There’s news on Reuters today on a $90 million pay-out from Google over a click fraud case. While that kind of money isn’t massive in the scheme of things at Google it’s the precedent that is worrying. As the article says – some believe that click fraud is the ‘single greatest risk to Google’s advertising-dependent business model’.

This is the reason why Google have continued to crack down on those breaking their TOS over the last year – their business depends upon it.

Thanks to Aaress for the email tip.

update: More on the story at Search Engine Watch.


  1. Yes, was redaing the news at yahoo as well.
    I knew it was coming.

    Google is now getting tight with all of its products including Blogger/blogspot.

    They have been checking for spams and frauds.

  2. Khurrum says:

    If someone suspects that there has been a click fraud for $1 then google will put in $1 into their adwords account.

    “The $90 million would involve legal fees and credits — rather than any cash payments — to all advertisers who apply to be part of the class settlement, once the judge certifies the agreement, Google spokesman Steve Langdon said.”

  3. Alex says:

    Interesting, this explains it. Google canceled my adsense account a few weeks ago with no explanation, other then that they detected click fraud. Yet I was making an average of 33 cents a day. So I was a bit stunned and really pissed off.

    Then I thought about it, I use Gmail. I’m sure once or twice, jokingly I told some friends how the ads worked or told them to click on them.

    When I sent a very upset email they stated that “they don’t reveal the review process” in any case, I feel a bit frustrated because I spent a lot of time understanding my ads. In any case I think this post explains their current extreme nature.

  4. Aaress says:

    Does anyone know if Google is using a type of filtering service similar to what Chitika uses to filter click fraud?

    For the past couple of days, I have been noticing no clickthroughs on my ads during the day, but yet when I click on the “yesterday” stats section of Adsense the following day, I see clickthroughs and revenue.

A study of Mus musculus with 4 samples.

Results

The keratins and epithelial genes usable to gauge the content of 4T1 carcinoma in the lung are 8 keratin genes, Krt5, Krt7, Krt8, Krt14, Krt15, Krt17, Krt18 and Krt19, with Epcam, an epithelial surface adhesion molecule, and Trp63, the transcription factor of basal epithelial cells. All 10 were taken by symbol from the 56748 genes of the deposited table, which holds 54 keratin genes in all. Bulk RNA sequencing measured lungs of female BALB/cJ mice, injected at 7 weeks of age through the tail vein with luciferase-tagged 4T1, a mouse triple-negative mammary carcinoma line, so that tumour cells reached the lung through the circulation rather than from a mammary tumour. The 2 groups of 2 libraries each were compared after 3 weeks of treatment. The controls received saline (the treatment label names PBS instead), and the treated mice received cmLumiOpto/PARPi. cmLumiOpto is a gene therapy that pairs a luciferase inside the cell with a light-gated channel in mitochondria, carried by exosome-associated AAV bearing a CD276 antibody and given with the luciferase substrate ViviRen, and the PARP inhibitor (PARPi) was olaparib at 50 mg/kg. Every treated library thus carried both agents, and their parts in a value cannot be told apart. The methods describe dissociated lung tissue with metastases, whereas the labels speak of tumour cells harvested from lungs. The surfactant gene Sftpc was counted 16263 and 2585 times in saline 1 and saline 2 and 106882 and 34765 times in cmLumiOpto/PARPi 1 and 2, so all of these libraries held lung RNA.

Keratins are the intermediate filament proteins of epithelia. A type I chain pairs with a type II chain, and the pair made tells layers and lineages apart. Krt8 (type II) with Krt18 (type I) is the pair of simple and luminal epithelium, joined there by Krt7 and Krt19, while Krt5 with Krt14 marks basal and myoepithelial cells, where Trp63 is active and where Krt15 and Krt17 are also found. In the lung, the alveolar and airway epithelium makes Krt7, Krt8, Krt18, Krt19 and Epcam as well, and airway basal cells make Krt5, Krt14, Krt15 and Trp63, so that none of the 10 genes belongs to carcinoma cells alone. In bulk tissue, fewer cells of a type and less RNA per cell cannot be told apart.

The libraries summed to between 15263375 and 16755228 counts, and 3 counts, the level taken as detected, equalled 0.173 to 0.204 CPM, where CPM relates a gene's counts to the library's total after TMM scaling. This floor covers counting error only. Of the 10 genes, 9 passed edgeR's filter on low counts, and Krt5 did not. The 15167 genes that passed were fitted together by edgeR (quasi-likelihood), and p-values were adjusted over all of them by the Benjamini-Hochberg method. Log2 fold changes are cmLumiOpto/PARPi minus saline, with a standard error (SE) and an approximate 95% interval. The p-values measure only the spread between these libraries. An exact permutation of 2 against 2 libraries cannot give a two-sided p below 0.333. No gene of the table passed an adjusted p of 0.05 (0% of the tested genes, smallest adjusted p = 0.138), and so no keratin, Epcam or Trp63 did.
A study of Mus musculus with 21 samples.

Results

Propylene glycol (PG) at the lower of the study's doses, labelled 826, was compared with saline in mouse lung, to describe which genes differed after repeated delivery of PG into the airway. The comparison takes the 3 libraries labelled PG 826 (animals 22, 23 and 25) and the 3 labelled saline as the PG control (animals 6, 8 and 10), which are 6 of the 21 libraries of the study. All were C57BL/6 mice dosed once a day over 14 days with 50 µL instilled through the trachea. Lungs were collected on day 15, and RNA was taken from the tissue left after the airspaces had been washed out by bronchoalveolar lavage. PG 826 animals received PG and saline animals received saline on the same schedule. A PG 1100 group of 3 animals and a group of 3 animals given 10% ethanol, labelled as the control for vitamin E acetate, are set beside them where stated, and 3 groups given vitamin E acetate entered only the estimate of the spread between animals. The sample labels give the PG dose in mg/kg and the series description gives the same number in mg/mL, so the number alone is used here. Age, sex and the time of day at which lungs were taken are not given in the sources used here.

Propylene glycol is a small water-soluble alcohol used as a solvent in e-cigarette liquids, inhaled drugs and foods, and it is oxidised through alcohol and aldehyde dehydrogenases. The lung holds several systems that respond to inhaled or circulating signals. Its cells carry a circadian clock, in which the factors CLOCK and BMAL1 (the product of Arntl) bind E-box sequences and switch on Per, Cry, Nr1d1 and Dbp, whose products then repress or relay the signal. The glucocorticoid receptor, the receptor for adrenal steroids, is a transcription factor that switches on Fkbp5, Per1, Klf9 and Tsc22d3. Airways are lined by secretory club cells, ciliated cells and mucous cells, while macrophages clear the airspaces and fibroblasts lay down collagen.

5. marcel says:

    Maybe it’s time to use a CPM approach for “risky” publishers ?

  6. tom sherman says:

    Google’s “defenses” against click fraud are patently laughable. $90 mil? Whatever. Time for them to pay back $500 mil, or a billion, or $5 billion. It’s only a matter of time before the government — Google’s true enemy — steps in and says “Take your ‘secret’ review process and shove it.” The law will force the cat out of the bag. And I, for one, will welcome it.

  7. tom sherman says:

    p.s. from the Google Blog entry on this, it’s same old “just trust us on this one” CRAP. I don’t trust Google one bit. If you believe their “Don’t Be Evil” slogan, you’re hopelessly naive.

    We have said for some time that we believe we manage the problem of invalid clicks very well. We have a large team of expert engineers and analysts devoted to it. By far, most invalid clicks are caught by our automatic filters and discarded *before* they reach an advertiser’s bill. And for the clicks that are not caught in advance, advertisers can notify Google and ask for reimbursement. We investigate those clicks, and if we determine they were invalid, we reimburse advertisers for them. We will continue to do that, and believe that this settlement is further proof of our willingness to work together with advertisers to reimburse invalid clicks.

    Like I said, just trust ‘em. They’ve got super-secret methods that eliminate click fraud perfectly. That’s why they only had to pay out $90 mil.

  8. Google’s policy to terminate publishers withtout proof, evidence or recourse seems heavy-handed.

    Though I can understand their need to “protect” advertisers, there nees to be some balance here. Its like eBay saying: “we’re going to do everything possible to protect the buyers”. What about the sellers?

    One would think it would be more effective to improve their technical algorithms for detecting click-fraud (and removing incentive to publishers to use fraud to increase revenues) instead of seemingly arbritrary terminations of many, many publisher accounts on mere suspicion.